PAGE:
The Zen Master

My father is a Zen master. I can count on one hand the number of times in my entire life that I’ve seen him go ballistic. Fortunately, none of those seismic events were directed at me. If they had been, I would have crumbled into a pile of dust, never to return to human form again.

However, those types of angry outbursts on his part are almost as rare as Halley’s Comet and usually involve someone messing with his family. A word of advice, you don’t ever want to mess with my family or my father will turn into the Incredible Hulk. Most of the time, he is serene, placid and positively oozing with the kind of patience that would make a Buddhist monk jealous.

My mother, on the other hand, is a worrywart. She constantly frets and works herself into a lather at the slightest commotion. Somehow, these two opposites attracted. It seems to work for them since they’ve been together for nearly half a century. My father has a calming influence on my mother and her anxiety flows off of him like water off a duck’s back. It has very little impact at all.

Of the two personalities, I lean towards my father’s side. I’m typically easy going and don’t worry about things all that much. I take things as they come and very rarely do I work myself up into a tizzy like my mother. Like my father, I’m not concerned with material possessions; as long as things function within desired parameters, that’s good enough. I don’t get upset if events don’t work out according to some unrealistic plan I’ve worked out in my head. I’m generally tolerant, relaxed, and amenable to change. I bend like a reed rather than break.

I’m a lot like my father, that is, until you put me behind the wheel of an automobile. Once I’m in a car and I get to experience first-hand the soaring level of idiocy displayed by the human race in a way that could, quite literally, personally impact me, I’m no longer a Zen master. All of the teachings of my father, all the lessons he has imparted regarding tolerance and patience go right out the window, along with middle fingers and ferocious insults. I’m no longer capable of restraint and many not so nice epithets go hurling towards my fellow travelers.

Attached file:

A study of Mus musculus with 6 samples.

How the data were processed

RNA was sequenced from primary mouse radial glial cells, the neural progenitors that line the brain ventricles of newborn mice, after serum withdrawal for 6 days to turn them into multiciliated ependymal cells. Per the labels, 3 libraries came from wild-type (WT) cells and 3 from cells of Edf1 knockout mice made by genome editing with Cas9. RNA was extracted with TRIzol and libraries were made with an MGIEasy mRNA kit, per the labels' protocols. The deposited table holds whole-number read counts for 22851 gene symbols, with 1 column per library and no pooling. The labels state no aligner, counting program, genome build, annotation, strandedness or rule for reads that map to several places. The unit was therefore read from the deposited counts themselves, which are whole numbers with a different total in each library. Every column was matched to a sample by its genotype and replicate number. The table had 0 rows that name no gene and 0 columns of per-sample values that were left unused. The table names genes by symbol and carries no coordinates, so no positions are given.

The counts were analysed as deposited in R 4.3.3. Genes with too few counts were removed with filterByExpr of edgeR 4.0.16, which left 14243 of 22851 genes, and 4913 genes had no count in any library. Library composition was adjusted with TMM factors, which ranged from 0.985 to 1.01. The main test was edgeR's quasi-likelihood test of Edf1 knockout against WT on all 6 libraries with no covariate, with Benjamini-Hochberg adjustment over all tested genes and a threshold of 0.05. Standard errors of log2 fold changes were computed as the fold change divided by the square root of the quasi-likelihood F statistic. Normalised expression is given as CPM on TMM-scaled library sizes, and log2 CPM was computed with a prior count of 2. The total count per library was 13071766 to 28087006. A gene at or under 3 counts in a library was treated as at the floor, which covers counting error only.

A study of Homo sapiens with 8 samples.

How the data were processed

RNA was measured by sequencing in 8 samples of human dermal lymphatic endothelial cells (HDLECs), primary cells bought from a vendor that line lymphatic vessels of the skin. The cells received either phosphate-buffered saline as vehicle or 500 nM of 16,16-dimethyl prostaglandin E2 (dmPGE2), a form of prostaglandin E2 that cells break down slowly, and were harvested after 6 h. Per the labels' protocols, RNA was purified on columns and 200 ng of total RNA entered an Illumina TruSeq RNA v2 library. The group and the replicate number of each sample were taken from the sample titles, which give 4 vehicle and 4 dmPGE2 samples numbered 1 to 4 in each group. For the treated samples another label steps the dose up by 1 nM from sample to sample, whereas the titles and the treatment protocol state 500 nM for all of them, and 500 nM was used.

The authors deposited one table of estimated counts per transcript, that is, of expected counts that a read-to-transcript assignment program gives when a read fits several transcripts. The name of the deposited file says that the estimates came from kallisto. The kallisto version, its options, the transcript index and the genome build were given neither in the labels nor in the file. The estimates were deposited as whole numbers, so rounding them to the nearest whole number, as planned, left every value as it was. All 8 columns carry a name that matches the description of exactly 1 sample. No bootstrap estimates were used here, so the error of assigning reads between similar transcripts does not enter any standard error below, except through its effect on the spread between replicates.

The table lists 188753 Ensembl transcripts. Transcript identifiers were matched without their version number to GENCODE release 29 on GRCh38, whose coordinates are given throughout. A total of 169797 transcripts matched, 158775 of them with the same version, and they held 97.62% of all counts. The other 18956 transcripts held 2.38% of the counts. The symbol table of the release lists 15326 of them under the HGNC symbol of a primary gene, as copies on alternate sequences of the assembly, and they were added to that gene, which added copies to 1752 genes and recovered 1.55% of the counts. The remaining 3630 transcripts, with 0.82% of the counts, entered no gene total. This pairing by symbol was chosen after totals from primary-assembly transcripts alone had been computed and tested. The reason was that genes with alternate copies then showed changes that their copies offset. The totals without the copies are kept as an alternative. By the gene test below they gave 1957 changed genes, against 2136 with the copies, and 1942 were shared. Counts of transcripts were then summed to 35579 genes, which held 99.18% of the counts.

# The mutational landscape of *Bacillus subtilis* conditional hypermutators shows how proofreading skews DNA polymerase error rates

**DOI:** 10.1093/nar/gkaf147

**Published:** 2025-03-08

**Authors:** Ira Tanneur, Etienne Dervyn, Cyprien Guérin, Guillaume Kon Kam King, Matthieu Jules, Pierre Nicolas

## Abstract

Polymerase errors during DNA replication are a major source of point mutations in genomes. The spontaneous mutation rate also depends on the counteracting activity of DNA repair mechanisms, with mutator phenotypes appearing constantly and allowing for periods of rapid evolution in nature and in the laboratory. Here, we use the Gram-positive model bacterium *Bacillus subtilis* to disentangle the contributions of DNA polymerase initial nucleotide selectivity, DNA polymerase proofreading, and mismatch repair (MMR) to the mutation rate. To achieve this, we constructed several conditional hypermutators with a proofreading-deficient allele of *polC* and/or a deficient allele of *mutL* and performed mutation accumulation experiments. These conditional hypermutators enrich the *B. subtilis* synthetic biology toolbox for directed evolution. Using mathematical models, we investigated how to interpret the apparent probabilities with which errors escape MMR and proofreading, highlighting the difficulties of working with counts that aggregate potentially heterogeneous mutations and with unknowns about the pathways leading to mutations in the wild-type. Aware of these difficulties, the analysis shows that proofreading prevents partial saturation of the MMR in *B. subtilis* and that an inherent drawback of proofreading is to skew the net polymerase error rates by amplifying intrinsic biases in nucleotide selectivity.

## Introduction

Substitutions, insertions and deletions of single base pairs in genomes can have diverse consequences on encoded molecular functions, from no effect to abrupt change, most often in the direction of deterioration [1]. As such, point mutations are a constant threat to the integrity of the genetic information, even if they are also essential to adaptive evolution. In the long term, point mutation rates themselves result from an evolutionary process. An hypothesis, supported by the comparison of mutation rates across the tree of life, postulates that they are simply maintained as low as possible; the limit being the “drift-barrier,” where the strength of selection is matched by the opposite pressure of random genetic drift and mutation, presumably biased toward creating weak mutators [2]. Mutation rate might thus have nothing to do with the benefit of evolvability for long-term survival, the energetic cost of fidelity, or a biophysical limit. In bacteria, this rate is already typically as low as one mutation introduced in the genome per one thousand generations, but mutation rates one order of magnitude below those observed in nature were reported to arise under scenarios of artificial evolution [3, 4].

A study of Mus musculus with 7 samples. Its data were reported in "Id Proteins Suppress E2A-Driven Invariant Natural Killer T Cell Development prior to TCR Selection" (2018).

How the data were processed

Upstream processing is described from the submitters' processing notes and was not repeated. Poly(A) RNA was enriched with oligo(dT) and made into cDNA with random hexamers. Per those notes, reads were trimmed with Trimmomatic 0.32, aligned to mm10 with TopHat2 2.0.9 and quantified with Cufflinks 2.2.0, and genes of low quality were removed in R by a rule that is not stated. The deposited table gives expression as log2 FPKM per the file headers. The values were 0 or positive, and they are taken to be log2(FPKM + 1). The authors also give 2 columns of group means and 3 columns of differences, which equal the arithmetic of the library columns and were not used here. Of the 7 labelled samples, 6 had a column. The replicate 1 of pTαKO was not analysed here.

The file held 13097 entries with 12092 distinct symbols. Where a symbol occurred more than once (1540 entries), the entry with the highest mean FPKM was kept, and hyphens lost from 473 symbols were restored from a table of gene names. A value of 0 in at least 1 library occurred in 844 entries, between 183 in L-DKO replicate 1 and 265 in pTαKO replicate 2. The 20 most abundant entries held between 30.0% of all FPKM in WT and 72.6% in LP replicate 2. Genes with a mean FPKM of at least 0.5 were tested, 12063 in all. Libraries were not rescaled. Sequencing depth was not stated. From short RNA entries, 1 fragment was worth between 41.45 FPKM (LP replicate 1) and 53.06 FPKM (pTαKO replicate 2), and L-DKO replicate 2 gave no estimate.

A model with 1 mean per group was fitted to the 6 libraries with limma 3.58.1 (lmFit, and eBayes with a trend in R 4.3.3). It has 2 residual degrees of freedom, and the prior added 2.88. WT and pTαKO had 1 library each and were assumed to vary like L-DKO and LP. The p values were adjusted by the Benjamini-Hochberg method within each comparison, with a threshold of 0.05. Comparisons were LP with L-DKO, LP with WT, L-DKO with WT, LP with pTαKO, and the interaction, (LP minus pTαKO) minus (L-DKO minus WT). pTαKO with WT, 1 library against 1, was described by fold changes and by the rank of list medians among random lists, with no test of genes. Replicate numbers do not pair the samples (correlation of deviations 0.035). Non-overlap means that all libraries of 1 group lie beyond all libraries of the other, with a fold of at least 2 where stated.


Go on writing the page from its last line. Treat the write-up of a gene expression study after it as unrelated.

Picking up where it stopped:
Perhaps if I had lived in another era, things might be different. Maybe if I had been born into a future where we finally have the much touted Jetsons‘ cars that automagically take you to your destination without fuss nor muss, I could maintain my serenity a little better. Or, if I had been born into a pre-automotive era, I might be more capable of restraint. If I had a horse and buggy, I might not get so angry at vehicular idiocy. Although, I’d most likely be just as angry at fellow horse carts instead.

So, while I’m quite happy to be as much like my father as I am, I wish I was even more like him. I wish that my veneer didn’t break down in traffic. I hope that, perhaps with more age and experience, I will find a way to completely master my anger and only allow it to appear in defense of what I hold dearest like my dad. Perhaps when he was my age, he was just like me and it took him decades to hone his skill. One thing is for sure though, I couldn’t find a better teacher than my father. I will continue to follow his path and hopefully, eventually, master his Zen-like ways.